Reader reviews and comments on How Doctors Think, plus links to write your own review.


By Jerome Groopman

How Doctors Think
    320 pages.
    Paperback: Mar 2008,
    336 pages.


Interesting Glimpse into the Mind of Doctors
This book shows how doctors diagnose patients. Some use snap judgments and others use various diagnostic tools...but usually it's a combination of the two. I feel that I've learned something about how doctors come to their decisions.
Mercedes (01/09/09)

A must read for every patient
This book should be given to every patient, so they can be on an equal footing and now how the system works and why it works the way it does. Well researched and explained from the inside out, it demystifies a whole area of life that all of us will have to deal with at some stage, it helps the patient understand the doctor and thus the doctor to understand the patient, and here is to understanding!
Julie (07/23/08)

How Doctors Think
A very readable account of how doctors form the medical diagnoses that they do and ways that we, as patients, can help. The real-life cases are fascinating, and I appreciated the fact that they all pretty much had happy endings. This book proved to be a real mind opener into the critical thinking skills that doctors must employ. Only once or twice did the author lose me in medical details. My favorite parts of the book were the real-life patients and how eventually their medical mysteries were resolved by physicians who listened to their patients.
Kathleen (07/23/08)

Insightful and enlightening
In today's labyrinth of medical care, it is critical to be an educated and involved patient. How Doctors Think is an invaluable aid in understanding how doctors arrive at an accurate diagnosis. The epilogue is particularly useful for patients and caregivers who want to be partners with their doctors in their health care.
Elizabeth (07/23/08)

Interesting and informative
How Doctors Think is an interesting examination of the ways in which doctors arrive at medical diagnosis. By explaining the methods students are taught to use when dealing with patients, Groopman illustrates how misdiagnoses can occur, and steps doctors and patients can take to avoid them.

Groopman uses real case studies to demonstrate the many ways doctors good intentions can go wrong. In the initial chapters, he also offers suggestions to lay people about how to ask questions that can direct doctors to different ways of thinking. Towards the end of the book, however, he seems to be focusing more specifically on doctors themselves, and the advice for the patient is omitted. I found the book to be interesting and informative, with some good suggestions to take to my next doctor's appointment.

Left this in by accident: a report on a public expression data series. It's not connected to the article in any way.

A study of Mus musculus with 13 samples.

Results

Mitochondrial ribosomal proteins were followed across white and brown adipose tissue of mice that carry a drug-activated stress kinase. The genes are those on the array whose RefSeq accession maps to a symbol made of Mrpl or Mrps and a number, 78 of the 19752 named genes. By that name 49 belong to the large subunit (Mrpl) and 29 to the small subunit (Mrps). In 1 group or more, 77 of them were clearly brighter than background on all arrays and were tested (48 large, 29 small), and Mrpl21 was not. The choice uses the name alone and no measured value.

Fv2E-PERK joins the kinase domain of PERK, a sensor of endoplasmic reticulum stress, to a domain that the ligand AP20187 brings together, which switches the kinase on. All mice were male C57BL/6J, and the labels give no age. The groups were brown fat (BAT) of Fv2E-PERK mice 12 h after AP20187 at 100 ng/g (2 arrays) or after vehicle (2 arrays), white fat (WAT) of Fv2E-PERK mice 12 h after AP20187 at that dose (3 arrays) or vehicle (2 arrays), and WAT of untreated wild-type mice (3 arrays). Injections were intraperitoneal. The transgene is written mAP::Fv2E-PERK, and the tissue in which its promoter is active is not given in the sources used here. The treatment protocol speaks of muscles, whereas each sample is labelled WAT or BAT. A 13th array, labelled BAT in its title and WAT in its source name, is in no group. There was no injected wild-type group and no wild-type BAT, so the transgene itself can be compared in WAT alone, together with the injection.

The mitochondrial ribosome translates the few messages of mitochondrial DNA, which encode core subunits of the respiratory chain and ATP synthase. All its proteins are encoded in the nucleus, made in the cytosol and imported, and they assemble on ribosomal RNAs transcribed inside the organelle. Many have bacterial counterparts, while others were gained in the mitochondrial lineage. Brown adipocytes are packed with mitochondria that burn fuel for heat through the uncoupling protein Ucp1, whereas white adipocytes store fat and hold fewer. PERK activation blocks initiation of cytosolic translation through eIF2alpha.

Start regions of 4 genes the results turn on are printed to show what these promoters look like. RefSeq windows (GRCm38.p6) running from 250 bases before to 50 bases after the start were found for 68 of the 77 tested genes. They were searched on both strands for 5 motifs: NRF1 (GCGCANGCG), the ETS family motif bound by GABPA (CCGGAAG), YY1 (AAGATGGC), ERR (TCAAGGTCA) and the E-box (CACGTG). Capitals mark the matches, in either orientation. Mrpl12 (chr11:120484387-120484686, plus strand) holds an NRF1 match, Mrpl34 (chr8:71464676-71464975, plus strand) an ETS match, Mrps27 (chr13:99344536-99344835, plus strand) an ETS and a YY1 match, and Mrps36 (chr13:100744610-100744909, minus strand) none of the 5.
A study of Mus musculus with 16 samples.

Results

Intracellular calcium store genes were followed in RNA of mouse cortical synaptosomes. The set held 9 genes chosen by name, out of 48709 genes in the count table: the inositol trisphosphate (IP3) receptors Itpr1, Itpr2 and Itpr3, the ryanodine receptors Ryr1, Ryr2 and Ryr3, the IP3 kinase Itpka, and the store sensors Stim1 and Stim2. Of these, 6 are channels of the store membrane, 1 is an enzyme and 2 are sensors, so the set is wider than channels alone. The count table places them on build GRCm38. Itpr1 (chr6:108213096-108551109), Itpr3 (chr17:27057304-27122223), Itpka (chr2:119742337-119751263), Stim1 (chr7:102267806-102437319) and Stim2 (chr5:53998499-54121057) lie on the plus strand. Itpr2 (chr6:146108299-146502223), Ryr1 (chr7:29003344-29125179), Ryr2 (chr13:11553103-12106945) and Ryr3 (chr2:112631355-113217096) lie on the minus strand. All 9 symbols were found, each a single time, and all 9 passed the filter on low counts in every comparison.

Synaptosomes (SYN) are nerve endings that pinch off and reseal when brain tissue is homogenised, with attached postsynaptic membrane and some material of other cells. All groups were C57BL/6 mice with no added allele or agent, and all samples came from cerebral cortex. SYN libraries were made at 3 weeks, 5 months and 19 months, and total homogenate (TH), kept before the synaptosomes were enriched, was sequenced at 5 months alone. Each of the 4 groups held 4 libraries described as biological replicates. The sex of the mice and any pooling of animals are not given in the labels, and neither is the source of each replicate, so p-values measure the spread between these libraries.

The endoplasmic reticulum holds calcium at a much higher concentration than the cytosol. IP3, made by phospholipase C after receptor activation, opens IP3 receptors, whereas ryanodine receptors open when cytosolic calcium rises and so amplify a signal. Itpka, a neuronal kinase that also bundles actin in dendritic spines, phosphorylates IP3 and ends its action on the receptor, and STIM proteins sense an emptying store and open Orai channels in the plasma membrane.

Penny (07/23/08)

Doctor and Patient Communication
If you have ever wondered how a doctor (your doctor) thinks, this book will help you figure it out. The book contains a variety of case studies from people of all ages that help explain the thinking process doctors' use to make a diagnosis. It is a book that can be continually referenced. It is a must read for patients, and should be recommended for doctors. Everyone who reads How Doctors Think will have a better understanding of how the right communication between a patient and doctor can impact the correct diagnosis and the right course of treatment. This is a book you will want to pass on or recommend to friends and family. Thank you Jerome Groopman for a much needed book.
Peggy (07/23/08)

Do Patients Think about how Doctors Think?
I never really thought that much about how doctors came to their diagnoses or conclusions. To a certain extent like my parents and grandparents, doctors have held a more than human status in my mind.

This book does not really tell me anything that logically, I could have figured out for myself, given some time and thought regarding the subject. However, it is highly unlikely that I WOULD have given the time to the subject unless facing some type of medical emergency (which, thank god, I have not had to). But it does bring the thought processes of doctors in various situations down to a more human level--and, as a result, helps me with any interactions with doctors that I may have in the future.

An easy, interesting, and sometimes disturbing and thought-provoking read.
Patricia (05/07/08)

How to Help Your Doctor Help You
This is not a quick how-to book, but a well-written explanation of how a doctor’s medical training and experience can lead him or her to a specific diagnosis or treatment. It is an absorbing book that kept me up past my bedtime because I couldn’t put it down. Dr. Groopman cites incidents from real life, calling on his own experience and that of physicians who are well-known in their fields to illustrate both successes and failures. We learn about the thinking that led to correct or incorrect diagnoses. In this way Groopman builds a case for the questions that we need to ask when we seek a diagnosis or treatment. The book has helped me to understand how my own doctor might think and why, and how I can better help him to help me. In the end, Groopman explains tactful questions that we need to ask in order to help our doctors find answers. I wrote a list of these questions to keep in my wallet. The author shows the reader how to become a “partner” in his or her own healthcare and how to assist in the treatment of family members. I highly recommend this book.